At the mention of bold and colourful Barcelona, thoughts turn to the architecture of Antoni Gaudi.
The instantly-recognisable fingerprints of Gaudi are all over this wonderful city, not the least being his unfinished masterpiece, the Sagrada Familia church.
But, there is also a lot more to the face of Barcelona, where the old and the new blend to create a remarkable atmosphere.
The city’s streets boast eye-catching traditional buildings, sometimes almost side-by-side with modern structures that, in turn, draw inspiration from the past.
For example, the history, beauty and culture along the Ramblas – Barcelona’s famous tangle of tree-lined malls and alleys – is something to behold. Here are some of our favourites:
House of Umbrellas
You’ll marvel at the colourful Casa Bruno Cuadros, which used to be an umbrella shop and has particularly delicate wall decorations.
We were told that this prominent building is known by locals as the Casa dels Paraigües (House of Umbrellas)
It was built in 1858 and remodelled with the current facade in 1883 by Josep Vilaseca Casanovas.
This striking building stands at the bottom of the Ramblas, in front of the Christophe Colombus Column.
In its Mediterranean surroundings, the army headquarters is one of several stately buildings in the in the Portal de la Pau square.
Cines Comedia (main photo)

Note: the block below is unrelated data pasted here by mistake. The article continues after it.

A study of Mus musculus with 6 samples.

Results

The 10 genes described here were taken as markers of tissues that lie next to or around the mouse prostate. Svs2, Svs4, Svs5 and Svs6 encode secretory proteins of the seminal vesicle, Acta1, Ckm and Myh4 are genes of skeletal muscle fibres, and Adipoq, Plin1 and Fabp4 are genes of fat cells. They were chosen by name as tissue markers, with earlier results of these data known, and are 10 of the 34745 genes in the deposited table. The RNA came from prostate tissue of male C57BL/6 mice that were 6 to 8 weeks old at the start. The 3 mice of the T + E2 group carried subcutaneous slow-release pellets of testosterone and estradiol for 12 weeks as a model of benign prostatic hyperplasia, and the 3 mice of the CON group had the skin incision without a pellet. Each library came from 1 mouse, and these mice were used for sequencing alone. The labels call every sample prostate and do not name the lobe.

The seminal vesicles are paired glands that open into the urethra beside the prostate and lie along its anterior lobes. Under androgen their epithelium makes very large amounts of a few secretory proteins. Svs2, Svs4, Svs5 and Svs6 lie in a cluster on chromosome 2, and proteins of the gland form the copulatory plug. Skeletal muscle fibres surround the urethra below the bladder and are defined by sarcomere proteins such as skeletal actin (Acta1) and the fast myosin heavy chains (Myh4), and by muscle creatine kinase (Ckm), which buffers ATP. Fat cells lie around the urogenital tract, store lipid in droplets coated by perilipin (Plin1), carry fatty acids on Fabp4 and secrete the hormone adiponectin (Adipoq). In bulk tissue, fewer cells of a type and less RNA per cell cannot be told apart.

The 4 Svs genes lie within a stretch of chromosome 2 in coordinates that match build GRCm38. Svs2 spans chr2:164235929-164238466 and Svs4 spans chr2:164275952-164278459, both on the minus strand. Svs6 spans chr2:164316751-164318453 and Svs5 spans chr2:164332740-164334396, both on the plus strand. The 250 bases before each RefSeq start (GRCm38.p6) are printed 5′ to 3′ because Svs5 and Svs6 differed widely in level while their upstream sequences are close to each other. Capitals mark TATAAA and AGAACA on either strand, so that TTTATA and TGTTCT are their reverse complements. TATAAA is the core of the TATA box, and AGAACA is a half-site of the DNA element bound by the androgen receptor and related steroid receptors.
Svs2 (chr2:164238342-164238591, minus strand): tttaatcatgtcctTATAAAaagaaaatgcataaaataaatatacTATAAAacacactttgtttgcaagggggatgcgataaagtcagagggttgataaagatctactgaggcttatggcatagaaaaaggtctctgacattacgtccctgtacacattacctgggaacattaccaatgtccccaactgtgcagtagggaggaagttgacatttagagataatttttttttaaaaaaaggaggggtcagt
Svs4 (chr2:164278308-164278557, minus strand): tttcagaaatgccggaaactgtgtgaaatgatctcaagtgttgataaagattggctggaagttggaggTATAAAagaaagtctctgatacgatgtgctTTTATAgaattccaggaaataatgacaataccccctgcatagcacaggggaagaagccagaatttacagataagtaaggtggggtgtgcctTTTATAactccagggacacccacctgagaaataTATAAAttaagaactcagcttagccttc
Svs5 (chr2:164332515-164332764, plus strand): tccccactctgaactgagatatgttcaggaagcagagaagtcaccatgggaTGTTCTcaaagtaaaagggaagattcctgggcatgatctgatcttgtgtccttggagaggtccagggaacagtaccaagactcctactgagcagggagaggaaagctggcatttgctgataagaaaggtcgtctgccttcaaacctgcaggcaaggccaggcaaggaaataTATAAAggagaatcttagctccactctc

Originally built in 1887 as a grand residential mansion in the heart of Barcelona, this building was converted into a theatre in the late 1930’s.
The architect for the conversion was Rodriguez Lloveras and the first performance in 1941 lasted for four days and celebrated the end of the Spanish Civil War.
In 1960, the theatre was converted into a cinema and three decades later, it became a five-screen complex.
Externally it hasn’t changed and is still an imposing building on a prime location in the heart of Barcelona. Internally it’s five screens have the latest technology.
Casa Lleo i Morera
This modernist building was designed by Lluis Domenech i Montaner in 1902 on Barcelona’s top shopping street, Passeig de Gracia.
Casa Lleo i Morera contains the upmarket store of luxury clothing and assessors brand, Loewe.
La Boqueria Market
Although not in a stately building, Barcelona’s La Boqueria Market, or Sant Josep, dates back to 1217, when tables were apparently installed near the old city gate to sell meat.
The markets lead to a series of quaint alleys, such as this one that leads to Bacardi Palace, a Colonial property built in the 1850s and housing centrally-located apartments.
The influence of Casa Milà
Many of the modern buildings in Barcelona clearly show the influence of Antoni Gaudi.
The wavy lines of this structure certainly stand out from its surroundings.
However, to the untrained eye, this design appears to owe much to one of the city’s most famous buildings, Gaudi’s famous Casa Mila – popularly known as La Pedrera.